Saturday, June 18, 2005

One Thought Fills Immensity

Well, it's nice to go places, but it's nicer to be back home. I can't say much about where I've been for the past week, except that I needed some time to ride the rails, skate the truck stops, and think things over. I'm sorry that in my absence you had to be introduced to that improbable freak of nature, the Endtime Adjuster, and I'm sorrier still that he saw fit to rummage through my papers and back pages and post some of them on the net. But I guess it's good to air one's dirty laundry from time to time, and both drinking and psychotherapy are too expensive for this author.

Now that we have gotten the Star Wars files, poetry attempts and old time religion out of the way, I feel the path is clear to get back to basics and focus on the activity that gave birth to this blog in the first place. It may be somewhat shameful to be an unemployed thirtysomething unattached kind of fellow with an internet connection and a 7-ply habit, but over the past week I've had to come to terms with the fact that this is me. I'm not a rapper, or a scratch DJ, or a major Canadian poet. I'm not a parent, professor, gumshoe, taxi driver, stock clerk, freight loader, barrister, soliciter, telemarketer, ladies' man or puff pastry cheff; but I landed a crisp ollie caspar stall to fakie on the hump at the Bease tonight, and my feet didn't touch the ground for an instant.

So what if I've never been sponsored, never travelled to California to get chased off all the hotspots by police helicopters, never really met or skated with a pro, never had my picture in a magazine and never landed any skateboard trick involving sliding down the handrail of a set of stairs? So what if I'm doing pretty much the same thing I've been doing since high school--with the exception of a few years lost to higher education--and that four wheels and a piece of wood are about the only things keeping me moored to this swiveling orb we call planet Earth? So what if I've never made a blessed penny doing the thing I love most, and so what if I've pretty much lost all drive to attempt to fit into the nebulous beast we call society or support myself or my skateboard habit with any sort of even part-time employment?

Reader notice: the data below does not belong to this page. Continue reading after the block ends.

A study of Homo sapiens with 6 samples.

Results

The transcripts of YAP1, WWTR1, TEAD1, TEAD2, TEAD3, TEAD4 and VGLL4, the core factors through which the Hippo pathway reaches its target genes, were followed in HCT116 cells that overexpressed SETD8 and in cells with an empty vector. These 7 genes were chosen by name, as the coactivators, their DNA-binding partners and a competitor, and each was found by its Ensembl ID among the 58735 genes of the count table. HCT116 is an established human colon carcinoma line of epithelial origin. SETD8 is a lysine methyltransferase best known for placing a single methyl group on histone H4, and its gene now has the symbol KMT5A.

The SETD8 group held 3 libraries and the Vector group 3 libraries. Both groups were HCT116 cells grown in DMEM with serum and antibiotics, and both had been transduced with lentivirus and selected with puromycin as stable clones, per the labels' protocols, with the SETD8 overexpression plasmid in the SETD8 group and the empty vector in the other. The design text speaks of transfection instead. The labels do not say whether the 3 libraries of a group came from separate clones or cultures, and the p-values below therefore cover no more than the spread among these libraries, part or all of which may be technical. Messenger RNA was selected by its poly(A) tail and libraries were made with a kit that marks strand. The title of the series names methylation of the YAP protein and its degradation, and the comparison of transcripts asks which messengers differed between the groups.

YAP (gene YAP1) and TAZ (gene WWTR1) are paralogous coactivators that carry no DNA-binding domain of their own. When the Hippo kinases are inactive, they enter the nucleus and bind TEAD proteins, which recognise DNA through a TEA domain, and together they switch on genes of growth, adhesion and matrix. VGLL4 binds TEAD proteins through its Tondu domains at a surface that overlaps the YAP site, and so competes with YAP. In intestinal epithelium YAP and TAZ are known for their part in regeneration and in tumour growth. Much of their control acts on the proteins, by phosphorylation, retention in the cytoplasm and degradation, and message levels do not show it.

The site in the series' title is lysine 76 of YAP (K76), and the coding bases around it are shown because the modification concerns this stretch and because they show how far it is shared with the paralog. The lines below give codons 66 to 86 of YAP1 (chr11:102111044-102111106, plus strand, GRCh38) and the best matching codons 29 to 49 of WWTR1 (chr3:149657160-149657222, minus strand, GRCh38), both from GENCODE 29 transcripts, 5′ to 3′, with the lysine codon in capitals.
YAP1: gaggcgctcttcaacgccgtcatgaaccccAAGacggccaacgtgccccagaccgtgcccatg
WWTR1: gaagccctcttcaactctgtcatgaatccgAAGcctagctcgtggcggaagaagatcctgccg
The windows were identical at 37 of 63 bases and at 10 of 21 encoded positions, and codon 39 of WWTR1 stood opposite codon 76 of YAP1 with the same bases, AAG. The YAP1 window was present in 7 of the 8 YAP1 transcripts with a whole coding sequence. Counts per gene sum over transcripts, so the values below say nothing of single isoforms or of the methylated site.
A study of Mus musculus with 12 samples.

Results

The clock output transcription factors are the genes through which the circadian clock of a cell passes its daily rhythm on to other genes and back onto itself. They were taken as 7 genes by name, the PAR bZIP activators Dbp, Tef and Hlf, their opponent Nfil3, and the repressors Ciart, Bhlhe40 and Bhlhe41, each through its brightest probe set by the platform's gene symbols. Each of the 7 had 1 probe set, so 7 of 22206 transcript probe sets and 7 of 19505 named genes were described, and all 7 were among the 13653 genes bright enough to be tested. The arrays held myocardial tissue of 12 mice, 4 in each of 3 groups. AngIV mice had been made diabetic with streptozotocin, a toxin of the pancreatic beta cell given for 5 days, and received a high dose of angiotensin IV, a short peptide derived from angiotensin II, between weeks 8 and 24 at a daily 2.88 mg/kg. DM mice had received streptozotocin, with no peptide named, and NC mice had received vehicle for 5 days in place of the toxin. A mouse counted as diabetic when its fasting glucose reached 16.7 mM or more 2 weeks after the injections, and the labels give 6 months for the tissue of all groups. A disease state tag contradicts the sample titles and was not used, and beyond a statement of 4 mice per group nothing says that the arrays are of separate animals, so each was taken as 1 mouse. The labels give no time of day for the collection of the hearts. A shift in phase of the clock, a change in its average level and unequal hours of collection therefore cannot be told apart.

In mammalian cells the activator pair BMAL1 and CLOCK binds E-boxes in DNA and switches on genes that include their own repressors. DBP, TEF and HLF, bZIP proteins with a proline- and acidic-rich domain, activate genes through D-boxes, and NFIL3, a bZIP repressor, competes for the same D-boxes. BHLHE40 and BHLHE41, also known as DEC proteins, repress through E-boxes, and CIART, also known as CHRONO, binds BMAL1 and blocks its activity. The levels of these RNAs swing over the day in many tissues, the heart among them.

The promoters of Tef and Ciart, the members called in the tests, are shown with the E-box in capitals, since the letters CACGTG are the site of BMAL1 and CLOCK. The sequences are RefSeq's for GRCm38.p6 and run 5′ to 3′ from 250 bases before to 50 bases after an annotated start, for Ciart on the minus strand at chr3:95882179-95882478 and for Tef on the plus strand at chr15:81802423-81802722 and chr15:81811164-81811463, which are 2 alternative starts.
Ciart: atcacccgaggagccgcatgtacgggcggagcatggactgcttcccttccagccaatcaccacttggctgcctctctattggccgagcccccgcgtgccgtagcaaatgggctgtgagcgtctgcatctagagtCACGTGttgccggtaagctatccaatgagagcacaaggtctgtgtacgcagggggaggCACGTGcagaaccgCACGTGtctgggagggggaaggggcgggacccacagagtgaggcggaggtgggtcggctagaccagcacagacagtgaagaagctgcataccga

I don't ask for much, and I'm not ashamed of being who I am. This evening saw me cutting up some gnarly lines down at the Bease, once the sun had set and the concrete was pale and purple in the dim street lamps, like the slick, graffiti-emblazoned back of some great ossified beast of the sea.

2 comments:

Michael said...

I live in Cali and it's not all as it is cracked up to be.

I have also met a couple of pro skaters and they are not all they are cracked up to be.

Tom Knox is the biggest skate pro out of this area. There are a few others, like Bobby “G” who was a pro and had is own deck for about 2 minutes.

Anyhow, I remember one of my last moments skating, I was skating behind the old courthouse downtown with some friends. Tom Knox (pro) showed up and schooled us like no ones business and he wasn’t even nice about it. I remember thinking,. one, he was a dick and two, how bad I sucked and there was no hope for me ever to get any better. So I quite and directed my efforts in learning to play the guitar.

My point is I think you one of the best blogger/writers I have come across. And I thing you should send your stuff out and get published.

flatlander said...

I've actually met one pro. Last year Mark Appleyard showed up one night at the Bease. He's a local boy who made good: the Thrasher skater of the year, 2004 who is now in all those jean ads. He was a chill and modest fellow, and landed a righteous blunt to kickflip-out on the near-vert quarter pipe. At one point I chased his board for him, but was too starstruck to say something witty like "Trade ya" as I handed it back--I was riding Em's old everslick Streetfighter board and I bet Mark would have been tempted to at least try the thing out.

Thank you for the kind words. I probably should send my writing out, but to whom? I also play guitar: those vibrations close to one's chest cavity are very comforting.